Updated: May 11, 2019
"The landscape catergory was brutally competitive this year, with dozens of images that we would habe been happy to see as finalists. With so many powerful images in contention, the winners had to be not only aesthetically striking, but also techincally excellent. Andy's winning image uses a carefully considered minimalistic composition. On closer inspection however, there is an incredible level of detail waiting to reward the viewer" - Sony Alpha Landscape Award Winner
This may well be the image that defines my photography career, well at least the part that enters into photography competitions. It’s not often that I take the time to enter into competitions as its not the reason for why I shoot in the first place.
This image was taken during the Giving Lens (TGL) Morocco trip in 2016. Early morning we had set out from our desert camp at the Open Doors Morocco Bedouin Bivouc in search of high vantage points on our surrounding sand dunes.
With camera, tripod and two lenses with me, our ascent up the nearest ridge has us warmed up and short of breath soon enough. My boots are filling with sand soon enough and I’m in two minds between regret and caution after hearing the story of someone previously being stung by a scorpion. I am however thankful that in the early morning conditions that the sand is not blistering hot as yet.
The group treks slowly single file up the ridge line and is careful to not disturb the sand and lines where we would be photographing. The group is careful in the sandy enviroment after being stuck in a sandstorm the previous day. Lessons of how fine sand granules don't mix well with expensive camera gear are fresh.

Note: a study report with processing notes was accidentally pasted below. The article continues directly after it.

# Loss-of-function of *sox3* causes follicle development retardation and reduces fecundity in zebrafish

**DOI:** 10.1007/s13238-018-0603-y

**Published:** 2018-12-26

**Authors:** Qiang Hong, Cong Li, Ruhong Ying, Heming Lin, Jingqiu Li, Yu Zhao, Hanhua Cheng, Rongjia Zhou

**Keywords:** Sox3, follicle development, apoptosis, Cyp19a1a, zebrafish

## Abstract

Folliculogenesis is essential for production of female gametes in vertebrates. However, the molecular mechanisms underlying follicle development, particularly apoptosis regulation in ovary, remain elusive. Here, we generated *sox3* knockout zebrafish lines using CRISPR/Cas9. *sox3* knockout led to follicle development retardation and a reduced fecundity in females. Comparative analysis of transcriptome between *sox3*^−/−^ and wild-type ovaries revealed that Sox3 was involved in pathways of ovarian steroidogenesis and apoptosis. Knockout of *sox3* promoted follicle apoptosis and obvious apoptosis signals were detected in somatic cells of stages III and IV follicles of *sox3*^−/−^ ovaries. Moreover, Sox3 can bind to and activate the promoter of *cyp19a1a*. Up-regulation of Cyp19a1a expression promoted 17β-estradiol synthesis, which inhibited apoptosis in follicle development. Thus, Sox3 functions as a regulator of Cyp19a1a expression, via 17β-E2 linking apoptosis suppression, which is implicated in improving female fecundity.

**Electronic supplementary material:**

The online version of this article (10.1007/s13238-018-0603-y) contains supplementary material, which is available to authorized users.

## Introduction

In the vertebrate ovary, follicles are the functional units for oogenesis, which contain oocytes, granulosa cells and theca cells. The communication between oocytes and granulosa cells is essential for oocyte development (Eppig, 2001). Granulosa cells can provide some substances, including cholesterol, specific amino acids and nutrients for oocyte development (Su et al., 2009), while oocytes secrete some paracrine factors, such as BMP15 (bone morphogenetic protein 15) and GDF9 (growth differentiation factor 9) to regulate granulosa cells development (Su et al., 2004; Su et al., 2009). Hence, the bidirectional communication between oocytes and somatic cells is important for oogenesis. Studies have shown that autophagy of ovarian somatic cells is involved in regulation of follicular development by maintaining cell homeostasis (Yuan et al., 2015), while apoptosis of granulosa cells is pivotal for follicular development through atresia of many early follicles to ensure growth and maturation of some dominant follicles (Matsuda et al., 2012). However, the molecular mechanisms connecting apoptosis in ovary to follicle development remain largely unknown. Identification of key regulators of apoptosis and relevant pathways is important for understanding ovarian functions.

With sand in every direction, the sheer size of the Sahara becomes daunting. It’s a massive panorama of rolling sandy dunes as far as you can see. Our desert bivouac where we started our trek looks like an ant village in the distance. The camels around the camp are wandering around looking for grass to feed. One of our bedouin guides watches his herd from a nearby crest.
I started off shooting images with my 16-35 wide angle lens to try and capture the size of the desert, but I was getting lost in the space. Changing over to the 70-200mm I was able to find something to completely fill a frame with details to pick apart.
In between conversations, laughter and the occasional shutter slap in the group, its like being in a vacuum. There is literally no sound to be heard which is a strange feeling for a city dweller.
As the sun rose higher in the sky, the long shadows being cast by the dunes started to create a strong contrast rich in colour and character
At the time I shot this image I was surrounded by other talented photographers in the TGL group. Everyone had an opportunity to capture this image but I’m not sure if any did. Part of the advantage of being in a photography workshop is seeing what others find interesting, and utilising some of those elements towards your own creativity.
In every direction the group looks and finds things of interest to photograph. There are so many angles worthy of a “fine art” tag, but we take what we can get, enjoy a moment of lying on the side of the dune taking a few selfies, then venture back down to enjoy breakfast at camp before we leave the desert to explore another part of Morocco.